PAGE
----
Penn State Altoona to present artwork by Julie Ann Nagle

Artwork by Julie Ann Nagle

"Inheritance," by Julie Ann Nagle.

Credit: Julie Ann Nagle

ALTOONA, Pa. — The exhibition "At Daybreak" by Ivyside Juried Art Exhibition winner Julie Ann Nagle will run Jan. 10 to March 9 in the McLanahan Gallery of the Misciagna Family Center for Performing Arts at Penn State Altoona. A reception will be held from 3 to 5 p.m. Thursday, Jan. 10, in the center's Titleman Study. The exhibition is free and open to the public.

"At Daybreak" explores the intimate relationship between ancestry, mortality, transcendent mediation through making, and the expansiveness of the universe. “Bella Dama” is a cast of the remains of Nagle’s pet horse, unearthed on her families’ property through an archaeological excavation she conducted. Nagle uses processes and technology from scientific fields in her artwork to meld emotional and analytic experience.

“I employ the tools of archaeology for studying the origins of our ancestors, to excavate the material traces of my own personal heritage, and interrogate my own mythology, beliefs and identity,” Nagle said. 

Other works explore the mysteries of physics and archaeoastronomy. “Darkness Their Was at First By Darkness Hidden” takes its title from the Rig Veda Hymn of Creation. Gravitational rings radiate from a brass sphere in the clutches of swarming nocturnal birds. A brass sphere contains a speaker and TV tuned to static, in which photons emanating from the Big Bang in cosmic microwave background radiation can still be detected. Drastic scale shifts in this body of work present humanities’ small but integral place in a vast universe where we are left to ponder the possibility of sentience beyond our comprehension. Additional sculptures, paintings, photos and video create an atmosphere of deep forest contemplations of both physical matter and the magnitudes of what matters.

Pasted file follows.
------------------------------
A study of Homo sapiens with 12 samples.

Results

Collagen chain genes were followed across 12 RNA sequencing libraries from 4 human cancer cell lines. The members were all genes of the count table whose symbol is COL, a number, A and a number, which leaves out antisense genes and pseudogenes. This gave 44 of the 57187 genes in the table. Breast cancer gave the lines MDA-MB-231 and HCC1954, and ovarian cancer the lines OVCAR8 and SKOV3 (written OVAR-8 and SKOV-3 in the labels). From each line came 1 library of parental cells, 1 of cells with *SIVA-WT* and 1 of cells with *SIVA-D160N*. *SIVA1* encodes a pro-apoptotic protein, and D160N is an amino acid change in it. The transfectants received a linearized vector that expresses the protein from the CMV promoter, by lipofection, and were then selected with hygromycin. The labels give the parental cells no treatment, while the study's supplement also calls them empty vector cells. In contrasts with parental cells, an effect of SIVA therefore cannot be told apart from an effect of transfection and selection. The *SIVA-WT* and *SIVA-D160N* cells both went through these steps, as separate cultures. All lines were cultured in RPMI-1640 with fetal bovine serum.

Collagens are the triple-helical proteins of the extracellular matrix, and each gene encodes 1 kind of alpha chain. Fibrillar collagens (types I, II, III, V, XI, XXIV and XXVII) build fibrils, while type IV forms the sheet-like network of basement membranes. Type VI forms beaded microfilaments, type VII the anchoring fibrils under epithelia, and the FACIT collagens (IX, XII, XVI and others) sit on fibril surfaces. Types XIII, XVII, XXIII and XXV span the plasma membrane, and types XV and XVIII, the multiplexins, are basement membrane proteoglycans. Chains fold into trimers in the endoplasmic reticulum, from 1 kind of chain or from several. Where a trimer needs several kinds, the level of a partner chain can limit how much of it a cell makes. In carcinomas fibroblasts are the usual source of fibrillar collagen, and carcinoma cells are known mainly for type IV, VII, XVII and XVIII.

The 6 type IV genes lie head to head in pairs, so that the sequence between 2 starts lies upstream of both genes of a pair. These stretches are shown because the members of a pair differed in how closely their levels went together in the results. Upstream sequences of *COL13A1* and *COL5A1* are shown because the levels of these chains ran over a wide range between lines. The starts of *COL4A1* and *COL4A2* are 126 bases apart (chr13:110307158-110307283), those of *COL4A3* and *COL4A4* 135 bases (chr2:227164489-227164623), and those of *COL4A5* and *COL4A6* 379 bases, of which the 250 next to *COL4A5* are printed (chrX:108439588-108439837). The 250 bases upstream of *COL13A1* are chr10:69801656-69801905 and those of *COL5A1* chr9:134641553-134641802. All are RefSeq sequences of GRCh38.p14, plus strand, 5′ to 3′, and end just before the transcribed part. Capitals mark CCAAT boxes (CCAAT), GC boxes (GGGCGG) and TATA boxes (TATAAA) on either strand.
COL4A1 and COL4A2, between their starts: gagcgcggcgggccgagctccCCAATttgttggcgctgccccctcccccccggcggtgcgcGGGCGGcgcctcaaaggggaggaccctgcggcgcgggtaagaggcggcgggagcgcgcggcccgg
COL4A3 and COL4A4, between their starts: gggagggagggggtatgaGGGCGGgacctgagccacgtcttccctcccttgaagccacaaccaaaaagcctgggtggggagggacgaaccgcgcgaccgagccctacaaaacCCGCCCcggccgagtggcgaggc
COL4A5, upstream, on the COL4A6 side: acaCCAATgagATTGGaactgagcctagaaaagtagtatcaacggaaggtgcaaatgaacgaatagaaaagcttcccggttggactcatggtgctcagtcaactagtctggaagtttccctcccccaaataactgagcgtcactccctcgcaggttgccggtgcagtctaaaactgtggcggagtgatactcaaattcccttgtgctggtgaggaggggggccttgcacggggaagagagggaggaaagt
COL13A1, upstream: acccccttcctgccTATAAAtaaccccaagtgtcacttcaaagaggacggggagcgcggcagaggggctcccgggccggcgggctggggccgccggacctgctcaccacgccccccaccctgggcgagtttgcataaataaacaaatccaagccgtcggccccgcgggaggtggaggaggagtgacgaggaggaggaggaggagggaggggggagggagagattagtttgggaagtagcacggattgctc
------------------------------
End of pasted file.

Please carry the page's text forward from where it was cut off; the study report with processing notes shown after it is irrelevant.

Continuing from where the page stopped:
Nagle received her bachelor of fine arts degree at the Cooper Union School of Art and her master of fine arts in sculpture and extended media at Virginia Commonwealth University. She is an interdisciplinary artist with sculpture as her primary focus. She has participated in many residencies and has exhibited nationally in New York, Texas, Minnesota, and other states.

The gallery is open from 10 a.m. to 2 p.m. Monday through Thursday and before and during all performances. For further information, call the Misciagna Family Center for Performing Arts at 814-949-5452.